As I continue my study of Proverbs, I keep finding more and more to put on my favorites list. Last week, I shared five favorites from the first 10 chapters of Proverbs. Here are my top five from chapters 11 through 20.
I’m having a hard enough time narrowing it down to five verses for every 10 chapters — I’m not sure how I’ll settle on just one favorite for our study discussion next month. Perhaps I’ll bring a list roughly organized by which one I want to talk about most, and then cross-off any that someone mentions before I do.
A gracious woman retains honor, but ruthless men retain riches. (Prov. 11:16)
It is for the first half of this verse that I have included it here. Ever since my career adviser at OSU told me I was very gracious in the way I responded when she had to take a phone call while we were meeting, I’ve paid extra attention to verses like this. I liked how it felt to be considered gracious — it was a description I’ve always thought held value, but this was the first time someone applied it to me. I want to be a grace-filled woman, and I hope to give people that impression of me.
Hope deferred makes the heart sick, but when the desire comes, it is a tree of life. (Prov. 13:12)
There are many hopes I have that have been deferred (marriage and a family of my own, to name one). I have to believe, though, that God does not want to make our hearts sick. Therefore, when our hopes are deferred, it must be for a good reason. Perhaps it is to teach us to trust Him long-term — if all our hopes were fulfilled instantly I doubt we would appreciate His gifts very much. Psalm 37 says if we delight in the Lord, “He shall give you the desires of your heart.” If we trust in Him and commit lives to following Him, He will bring about our desires (Ps. 37:4-5). God wants to give us good things. He wants us to be delighted.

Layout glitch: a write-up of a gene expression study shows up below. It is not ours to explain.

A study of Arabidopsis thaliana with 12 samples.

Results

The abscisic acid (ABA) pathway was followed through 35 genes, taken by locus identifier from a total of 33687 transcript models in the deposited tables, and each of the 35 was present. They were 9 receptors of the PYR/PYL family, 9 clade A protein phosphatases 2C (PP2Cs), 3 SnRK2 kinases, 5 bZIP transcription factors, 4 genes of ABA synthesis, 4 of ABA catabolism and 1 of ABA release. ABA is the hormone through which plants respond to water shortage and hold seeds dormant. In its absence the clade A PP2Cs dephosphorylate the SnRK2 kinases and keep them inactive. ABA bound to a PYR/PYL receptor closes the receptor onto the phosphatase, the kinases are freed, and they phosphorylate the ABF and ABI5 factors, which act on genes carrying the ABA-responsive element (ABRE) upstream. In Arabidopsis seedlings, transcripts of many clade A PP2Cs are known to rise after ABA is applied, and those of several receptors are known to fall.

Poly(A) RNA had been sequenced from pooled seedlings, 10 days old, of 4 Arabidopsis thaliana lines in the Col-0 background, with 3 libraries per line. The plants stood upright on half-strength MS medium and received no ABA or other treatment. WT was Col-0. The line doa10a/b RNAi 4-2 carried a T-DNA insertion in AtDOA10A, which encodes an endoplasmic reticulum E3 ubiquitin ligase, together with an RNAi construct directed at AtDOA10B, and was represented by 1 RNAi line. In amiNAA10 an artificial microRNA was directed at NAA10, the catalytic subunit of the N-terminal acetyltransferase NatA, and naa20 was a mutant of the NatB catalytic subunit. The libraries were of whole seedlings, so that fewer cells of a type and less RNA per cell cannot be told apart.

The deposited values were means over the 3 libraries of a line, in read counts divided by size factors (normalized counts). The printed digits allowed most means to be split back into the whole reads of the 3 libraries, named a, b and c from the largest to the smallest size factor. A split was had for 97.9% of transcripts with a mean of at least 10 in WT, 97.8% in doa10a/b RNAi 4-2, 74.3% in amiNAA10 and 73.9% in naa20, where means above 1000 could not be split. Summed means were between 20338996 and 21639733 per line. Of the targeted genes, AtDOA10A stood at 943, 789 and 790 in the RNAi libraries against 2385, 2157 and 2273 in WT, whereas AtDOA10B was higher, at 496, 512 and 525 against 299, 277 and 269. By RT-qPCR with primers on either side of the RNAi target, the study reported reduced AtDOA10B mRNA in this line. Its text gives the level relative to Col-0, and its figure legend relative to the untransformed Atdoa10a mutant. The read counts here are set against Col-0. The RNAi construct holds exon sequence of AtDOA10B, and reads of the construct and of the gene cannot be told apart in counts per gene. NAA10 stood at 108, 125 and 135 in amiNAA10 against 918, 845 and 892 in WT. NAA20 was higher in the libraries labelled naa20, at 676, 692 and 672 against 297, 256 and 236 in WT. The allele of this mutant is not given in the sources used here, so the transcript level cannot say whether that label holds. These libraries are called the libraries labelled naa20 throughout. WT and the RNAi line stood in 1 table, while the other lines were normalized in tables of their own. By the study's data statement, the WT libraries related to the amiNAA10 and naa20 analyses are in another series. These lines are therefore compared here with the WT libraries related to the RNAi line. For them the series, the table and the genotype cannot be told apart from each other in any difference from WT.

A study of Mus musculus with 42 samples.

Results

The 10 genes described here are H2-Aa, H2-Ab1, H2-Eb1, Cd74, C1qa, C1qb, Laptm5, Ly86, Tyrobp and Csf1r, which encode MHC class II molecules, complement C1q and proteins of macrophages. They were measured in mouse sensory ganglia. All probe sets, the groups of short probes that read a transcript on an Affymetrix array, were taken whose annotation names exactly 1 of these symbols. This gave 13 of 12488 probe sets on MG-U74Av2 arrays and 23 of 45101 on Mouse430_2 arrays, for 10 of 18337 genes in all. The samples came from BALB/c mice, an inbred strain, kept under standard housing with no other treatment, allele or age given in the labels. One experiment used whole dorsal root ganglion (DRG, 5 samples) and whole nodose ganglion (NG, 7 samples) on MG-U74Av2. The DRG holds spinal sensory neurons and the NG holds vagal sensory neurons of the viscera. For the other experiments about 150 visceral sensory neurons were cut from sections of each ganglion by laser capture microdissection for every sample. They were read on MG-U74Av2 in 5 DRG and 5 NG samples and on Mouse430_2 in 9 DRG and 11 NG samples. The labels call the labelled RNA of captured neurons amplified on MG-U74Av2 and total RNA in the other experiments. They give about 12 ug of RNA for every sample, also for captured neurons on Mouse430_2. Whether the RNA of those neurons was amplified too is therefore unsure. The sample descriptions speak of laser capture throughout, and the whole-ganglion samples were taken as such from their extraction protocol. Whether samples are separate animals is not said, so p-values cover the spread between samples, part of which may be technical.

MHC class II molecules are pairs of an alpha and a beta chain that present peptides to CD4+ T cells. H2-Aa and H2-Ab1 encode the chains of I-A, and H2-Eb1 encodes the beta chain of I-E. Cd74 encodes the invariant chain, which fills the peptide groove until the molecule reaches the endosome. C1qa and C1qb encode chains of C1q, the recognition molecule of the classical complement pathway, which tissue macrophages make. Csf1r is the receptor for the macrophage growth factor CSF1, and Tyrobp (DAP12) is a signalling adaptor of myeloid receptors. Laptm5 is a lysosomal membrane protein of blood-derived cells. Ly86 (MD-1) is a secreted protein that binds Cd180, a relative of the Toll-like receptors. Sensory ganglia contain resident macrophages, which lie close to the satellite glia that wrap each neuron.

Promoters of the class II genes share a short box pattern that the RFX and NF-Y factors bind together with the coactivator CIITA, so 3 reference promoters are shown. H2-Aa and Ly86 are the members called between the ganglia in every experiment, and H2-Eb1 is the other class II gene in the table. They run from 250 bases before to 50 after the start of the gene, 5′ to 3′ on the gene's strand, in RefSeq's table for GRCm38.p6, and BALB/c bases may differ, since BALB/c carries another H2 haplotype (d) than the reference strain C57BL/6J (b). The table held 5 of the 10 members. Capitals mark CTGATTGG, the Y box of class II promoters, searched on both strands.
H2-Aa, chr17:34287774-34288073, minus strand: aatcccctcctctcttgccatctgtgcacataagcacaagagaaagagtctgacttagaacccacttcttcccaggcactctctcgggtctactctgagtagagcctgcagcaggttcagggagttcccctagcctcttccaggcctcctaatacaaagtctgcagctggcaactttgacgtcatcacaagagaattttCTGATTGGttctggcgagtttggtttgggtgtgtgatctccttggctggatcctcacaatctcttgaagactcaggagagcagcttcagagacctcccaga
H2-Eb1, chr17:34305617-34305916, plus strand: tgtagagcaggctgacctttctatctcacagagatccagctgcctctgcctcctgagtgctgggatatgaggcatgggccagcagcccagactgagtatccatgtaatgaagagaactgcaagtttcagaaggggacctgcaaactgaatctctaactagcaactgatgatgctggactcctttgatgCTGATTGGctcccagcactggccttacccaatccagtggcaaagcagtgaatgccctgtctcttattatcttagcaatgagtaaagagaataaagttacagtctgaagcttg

A soft answer turns away wrath, but a harsh word stirs up anger. (Prov. 15:1)
A cross reference in my study Bible gives an example of this in Judges 8:1-3. The men of Ephraim were chiding Gideon sharply for not calling them to fight with him against Midian. Instead of answering them in kind, he diplomatically diffused the situation and “their anger toward him subsided.” The flip side of this principle, of course, is that being snappish and peevish stirs up an angry response in others and leads to escalating arguments. We need to be moving toward peace instead of anger. “Blessed are the peacemakers,” Christ said, “for they shall be called sons of God” (Matt. 5:9).
Commit your works to the Lord, and your thoughts will be established. (Prov. 16:3)
I find it interesting that in this verse, it says your “thoughts will be established.” Related verses talk about God establishing our ways and caring for our wants, but this one focuses on the state of our minds. It is like Philippians 4:6-9 in a single verse.
He that hath knowledge spareth his words: and a man of understanding is of an excellent spirit. Even a fool, when he holdeth his peace, is counted wise: and he that shutteth his lips is esteemed a man of understanding. (Prov. 17:27-28)
How little we value the skill and gift of quietness in today’s society. Words fitly spoken are beautiful (Prov. 25:11), but there are also many times when it is more beautiful to be “swift to hear, slow to speak” (James 1:19).